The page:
Like many cultures around the world, food is an integral party of family life. Family meal times are an opportunity to gather for the preparation and sharing of food. It is the same in Mexico where breakfast, lunch and dinner are times for families to come together and share each other’s company over good food. Special occasions and celebrations in Mexican culture, such as the Day of the Dead, are elaborate affairs where typical Mexican family food flows with abundance.
There are socio-economic and geographic factors that influence the ingredients used in typical Mexican family food as well, one thing is for certain: tortillas are available at every meal! This is how a day of typical Mexican family food looks:
Served from 7am – 10am. Breakfast can include sweet breads or Conchas, exotic fruits like red papaya, the tastiest papaya you’ll ever eat, tamales, or eggs a hundred different ways, huevos rancheros, huevos a la Mexicana, huevos divorciados, huevos con papas the list goes on! Always served with corn tortillas, never toast, you’ll never find a toaster in a Mexican kitchen. When a bigger breakfast is in order Chilaquiles may be on the typical Mexican family food menu. Corn tortillas are cut into quarters and deep fried (our totopos make awesome chilaquiles) before they are drowned in spicy salsa topped with fried eggs, seared steak, a little cheese and sour cream and sliced onion plus a serve of frijoles or refried beans on the side. We think this is where westerners got the idea for Nachos. Bring your appetite!
Mexicans eat their lunch a little later than Australians – usually from 1.30pm to 4.00pm. Lunch is the main meal of the day and often includes two courses. The first course is usually a salad or soup, referred to as consume. This is usually followed by a main course of meat, chicken or seafood served with rice, beans and corn tortillas. Lunches are long and a time for catching up, school finishes around 1pm and factories close so families can be home to eat lunch together. Certainly, this is a dying tradition as Mexico becomes more modernised and 9-5 jobs become the norm. But the Mexican solution is Comida Corrida – a small eatery where a traditional lunch is cooked. There are usually 2 options per day and it always follows a similar style to what is served at home. Soup or salad to start, rice, then the meat, it may be Mole with chicken or chiles rellenos and a tortillero filed with a bottomless supply of warm corn tortillas. The options are endless.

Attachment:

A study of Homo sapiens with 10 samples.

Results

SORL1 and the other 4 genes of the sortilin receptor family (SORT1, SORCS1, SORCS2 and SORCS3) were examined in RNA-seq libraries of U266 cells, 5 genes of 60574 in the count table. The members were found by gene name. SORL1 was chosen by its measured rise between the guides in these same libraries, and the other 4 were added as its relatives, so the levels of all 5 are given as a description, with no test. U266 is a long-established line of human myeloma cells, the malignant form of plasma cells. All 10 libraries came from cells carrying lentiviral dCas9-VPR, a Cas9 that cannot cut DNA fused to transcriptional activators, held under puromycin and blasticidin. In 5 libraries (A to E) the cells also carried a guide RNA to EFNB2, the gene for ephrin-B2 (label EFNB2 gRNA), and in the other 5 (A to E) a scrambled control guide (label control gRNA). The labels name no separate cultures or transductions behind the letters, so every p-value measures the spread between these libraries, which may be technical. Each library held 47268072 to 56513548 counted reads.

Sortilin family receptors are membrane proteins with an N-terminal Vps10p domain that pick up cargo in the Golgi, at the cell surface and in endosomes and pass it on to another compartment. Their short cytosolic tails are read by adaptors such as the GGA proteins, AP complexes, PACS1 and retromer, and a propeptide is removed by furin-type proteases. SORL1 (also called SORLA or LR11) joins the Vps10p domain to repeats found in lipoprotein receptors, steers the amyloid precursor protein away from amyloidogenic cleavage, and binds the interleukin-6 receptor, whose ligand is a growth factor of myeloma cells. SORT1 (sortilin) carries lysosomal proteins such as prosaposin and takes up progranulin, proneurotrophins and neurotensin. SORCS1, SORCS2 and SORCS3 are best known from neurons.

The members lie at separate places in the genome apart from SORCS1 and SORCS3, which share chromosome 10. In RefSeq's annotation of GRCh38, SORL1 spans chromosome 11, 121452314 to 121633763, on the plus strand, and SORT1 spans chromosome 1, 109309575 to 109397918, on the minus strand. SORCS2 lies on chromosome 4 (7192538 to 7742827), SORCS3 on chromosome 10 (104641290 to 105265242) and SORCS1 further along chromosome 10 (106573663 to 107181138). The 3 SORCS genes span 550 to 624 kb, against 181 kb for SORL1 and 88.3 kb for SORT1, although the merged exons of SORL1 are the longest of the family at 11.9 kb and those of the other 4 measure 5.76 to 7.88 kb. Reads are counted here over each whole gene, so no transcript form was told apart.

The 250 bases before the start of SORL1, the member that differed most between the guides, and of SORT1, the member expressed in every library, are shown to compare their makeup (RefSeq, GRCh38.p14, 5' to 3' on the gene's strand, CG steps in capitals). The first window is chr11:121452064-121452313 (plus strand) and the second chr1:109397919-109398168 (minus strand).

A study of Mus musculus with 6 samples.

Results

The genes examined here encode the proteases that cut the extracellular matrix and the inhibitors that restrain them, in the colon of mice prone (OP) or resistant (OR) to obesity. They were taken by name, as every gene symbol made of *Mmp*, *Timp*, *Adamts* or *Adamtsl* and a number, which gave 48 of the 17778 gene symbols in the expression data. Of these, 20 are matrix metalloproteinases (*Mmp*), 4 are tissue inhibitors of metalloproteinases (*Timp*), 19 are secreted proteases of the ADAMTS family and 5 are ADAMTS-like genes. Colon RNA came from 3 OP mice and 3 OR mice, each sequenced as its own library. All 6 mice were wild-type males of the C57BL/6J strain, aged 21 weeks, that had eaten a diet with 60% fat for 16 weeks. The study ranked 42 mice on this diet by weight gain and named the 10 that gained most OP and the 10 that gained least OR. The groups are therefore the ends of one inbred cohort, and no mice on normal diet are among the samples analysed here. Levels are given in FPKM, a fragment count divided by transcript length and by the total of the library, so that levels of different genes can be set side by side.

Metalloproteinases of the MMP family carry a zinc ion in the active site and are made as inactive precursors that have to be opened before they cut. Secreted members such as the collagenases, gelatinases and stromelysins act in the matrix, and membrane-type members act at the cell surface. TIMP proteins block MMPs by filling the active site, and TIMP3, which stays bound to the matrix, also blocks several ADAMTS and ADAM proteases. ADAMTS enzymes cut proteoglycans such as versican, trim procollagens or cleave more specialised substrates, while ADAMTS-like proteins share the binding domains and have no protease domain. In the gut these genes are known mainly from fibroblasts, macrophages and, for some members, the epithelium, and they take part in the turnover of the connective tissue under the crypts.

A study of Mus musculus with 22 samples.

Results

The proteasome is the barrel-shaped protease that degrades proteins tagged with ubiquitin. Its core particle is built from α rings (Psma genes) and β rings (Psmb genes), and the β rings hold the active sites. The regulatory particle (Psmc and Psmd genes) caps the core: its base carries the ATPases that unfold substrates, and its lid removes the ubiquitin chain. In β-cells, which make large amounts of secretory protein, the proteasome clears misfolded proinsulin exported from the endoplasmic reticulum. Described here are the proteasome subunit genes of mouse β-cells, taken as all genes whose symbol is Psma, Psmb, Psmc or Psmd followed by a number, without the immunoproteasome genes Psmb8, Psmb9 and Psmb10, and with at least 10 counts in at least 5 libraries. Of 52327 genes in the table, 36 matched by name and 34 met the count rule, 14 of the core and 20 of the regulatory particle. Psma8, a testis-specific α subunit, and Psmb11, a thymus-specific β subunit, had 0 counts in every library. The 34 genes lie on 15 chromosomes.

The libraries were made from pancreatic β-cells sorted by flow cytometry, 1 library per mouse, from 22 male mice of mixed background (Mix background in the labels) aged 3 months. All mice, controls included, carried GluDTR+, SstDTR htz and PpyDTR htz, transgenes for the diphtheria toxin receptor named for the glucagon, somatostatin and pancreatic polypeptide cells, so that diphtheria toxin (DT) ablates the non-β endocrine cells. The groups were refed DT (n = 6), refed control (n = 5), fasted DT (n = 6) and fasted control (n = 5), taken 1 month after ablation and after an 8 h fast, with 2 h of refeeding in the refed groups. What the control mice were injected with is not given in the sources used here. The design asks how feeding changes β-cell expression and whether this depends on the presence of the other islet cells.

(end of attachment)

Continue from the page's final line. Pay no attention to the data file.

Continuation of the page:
Dinner is typically much lighter than lunch and is eaten at around 8pm. Usually something simple is prepared in the home kitchen such as quesadillas, tortillas filled with lunch leftovers or sweet bread and atole (drinking custard). Often people head out for tacos or tamales.
While the style of eating and meal times in Mexico may be somewhat different to our own culture, two things are certain: 1) typical Mexican family food is a time for gathering and sharing and 2) there will always be corn tortillas!